A Missouri attorney has filed an alienation of affection lawsuit against East Alton attorney William R. Miller claiming divorce has caused the plaintiff to suffer financial damages of $225,000 annually.
The plaintiff, identified as “M.W.,” filed suit in federal court March 14, saying that his wife “S.W.” - whom he married in 1991 - had a 15-year affair with Miller that began in 1995 and lasted through 2010.
He claims that Miller admitted to the relationship in early 2011, and then S.W. admitted it. Shortly after the admissions, M.W. claims he ordered a paternity test which showed that he was not the biological father of his and S.W.’s twins born in 2001. He and S.W. then filed a petition for adoption.
“Plaintiff had raised the minor children for ten years, and rather than abandon the long bonds of love and affection, decided to forever be their father,” the complaint states.
Though Miller, as biological father, intervened in the paternity action, a St. Louis County court held in favor of M.W. and S.W., the suit claims.
“At the conclusion of the paternity action, it was clear the marriage between Plaintiff M.W. and S.W. could no longer exist,” the suit claims.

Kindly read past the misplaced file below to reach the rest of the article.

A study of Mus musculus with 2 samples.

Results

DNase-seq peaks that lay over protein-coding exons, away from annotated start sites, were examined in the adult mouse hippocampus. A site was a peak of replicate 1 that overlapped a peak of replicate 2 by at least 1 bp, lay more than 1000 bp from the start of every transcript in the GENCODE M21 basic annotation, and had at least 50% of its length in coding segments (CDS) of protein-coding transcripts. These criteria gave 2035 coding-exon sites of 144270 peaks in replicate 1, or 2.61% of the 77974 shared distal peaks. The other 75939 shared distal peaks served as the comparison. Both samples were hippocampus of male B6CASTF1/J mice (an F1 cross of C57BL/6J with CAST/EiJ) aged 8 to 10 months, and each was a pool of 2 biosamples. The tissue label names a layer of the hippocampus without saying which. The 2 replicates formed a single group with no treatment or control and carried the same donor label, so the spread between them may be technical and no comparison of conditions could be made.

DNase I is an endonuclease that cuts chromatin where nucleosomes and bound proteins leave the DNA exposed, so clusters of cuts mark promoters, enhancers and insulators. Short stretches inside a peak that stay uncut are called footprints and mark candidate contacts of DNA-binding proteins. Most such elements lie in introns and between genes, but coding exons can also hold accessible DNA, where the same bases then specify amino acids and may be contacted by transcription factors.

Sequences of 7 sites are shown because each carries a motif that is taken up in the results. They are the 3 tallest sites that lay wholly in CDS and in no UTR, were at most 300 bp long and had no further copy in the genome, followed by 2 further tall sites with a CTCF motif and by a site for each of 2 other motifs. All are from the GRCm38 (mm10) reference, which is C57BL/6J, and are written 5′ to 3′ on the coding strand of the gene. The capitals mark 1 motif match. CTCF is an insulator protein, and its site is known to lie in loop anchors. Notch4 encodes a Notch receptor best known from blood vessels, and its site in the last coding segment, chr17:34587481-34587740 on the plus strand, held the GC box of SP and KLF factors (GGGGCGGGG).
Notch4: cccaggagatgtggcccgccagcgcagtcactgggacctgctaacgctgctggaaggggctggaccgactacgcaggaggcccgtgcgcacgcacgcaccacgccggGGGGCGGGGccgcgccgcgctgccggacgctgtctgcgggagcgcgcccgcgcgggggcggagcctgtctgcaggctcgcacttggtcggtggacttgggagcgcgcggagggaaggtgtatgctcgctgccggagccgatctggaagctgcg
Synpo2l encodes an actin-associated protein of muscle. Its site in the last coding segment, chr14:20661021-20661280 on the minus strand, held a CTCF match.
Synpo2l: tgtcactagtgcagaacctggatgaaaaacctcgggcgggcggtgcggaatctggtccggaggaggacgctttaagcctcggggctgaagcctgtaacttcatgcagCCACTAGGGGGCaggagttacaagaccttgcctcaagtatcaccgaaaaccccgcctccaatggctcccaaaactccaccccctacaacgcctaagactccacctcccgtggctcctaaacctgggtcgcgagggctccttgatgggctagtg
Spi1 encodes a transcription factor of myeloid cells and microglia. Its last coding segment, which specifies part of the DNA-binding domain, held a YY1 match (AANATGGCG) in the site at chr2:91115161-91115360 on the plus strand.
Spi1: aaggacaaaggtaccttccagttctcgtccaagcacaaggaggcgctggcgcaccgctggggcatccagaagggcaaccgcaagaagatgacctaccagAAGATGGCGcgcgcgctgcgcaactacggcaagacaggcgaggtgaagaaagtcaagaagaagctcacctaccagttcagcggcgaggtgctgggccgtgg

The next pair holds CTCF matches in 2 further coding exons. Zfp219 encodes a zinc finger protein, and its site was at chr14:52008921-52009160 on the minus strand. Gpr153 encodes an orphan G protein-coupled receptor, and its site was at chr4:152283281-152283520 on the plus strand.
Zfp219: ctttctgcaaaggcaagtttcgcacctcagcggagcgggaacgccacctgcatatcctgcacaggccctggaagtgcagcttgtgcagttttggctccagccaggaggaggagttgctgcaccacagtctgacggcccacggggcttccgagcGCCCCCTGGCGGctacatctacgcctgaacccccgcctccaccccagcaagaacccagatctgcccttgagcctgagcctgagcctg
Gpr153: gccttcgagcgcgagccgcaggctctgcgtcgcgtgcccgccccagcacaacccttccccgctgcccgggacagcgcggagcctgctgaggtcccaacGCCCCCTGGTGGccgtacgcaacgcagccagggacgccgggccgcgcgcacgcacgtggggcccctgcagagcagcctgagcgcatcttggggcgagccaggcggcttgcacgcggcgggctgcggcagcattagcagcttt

A divorce action was filed in May 2012, and on Jan. 3 of this year, the divorce was finalized, the suit claims.
“As of May 14, 2012, all financial contributions of S.W. to the marriage ceased, causing Plaintiff M.W. to suffer annual financial losses of $225,000,” the suit states.
Illinois remains one of a handful of states which retains the tort claim of alienation of affections in some form, according to a footnote in the suit. Under Illinois law, the claim allows only the damages for lost financial contributions to the marriage from the “stolen” spouse, which in the case were the annual wages of S.W.
Miller has been contacted for comment, but had not returned a phone call.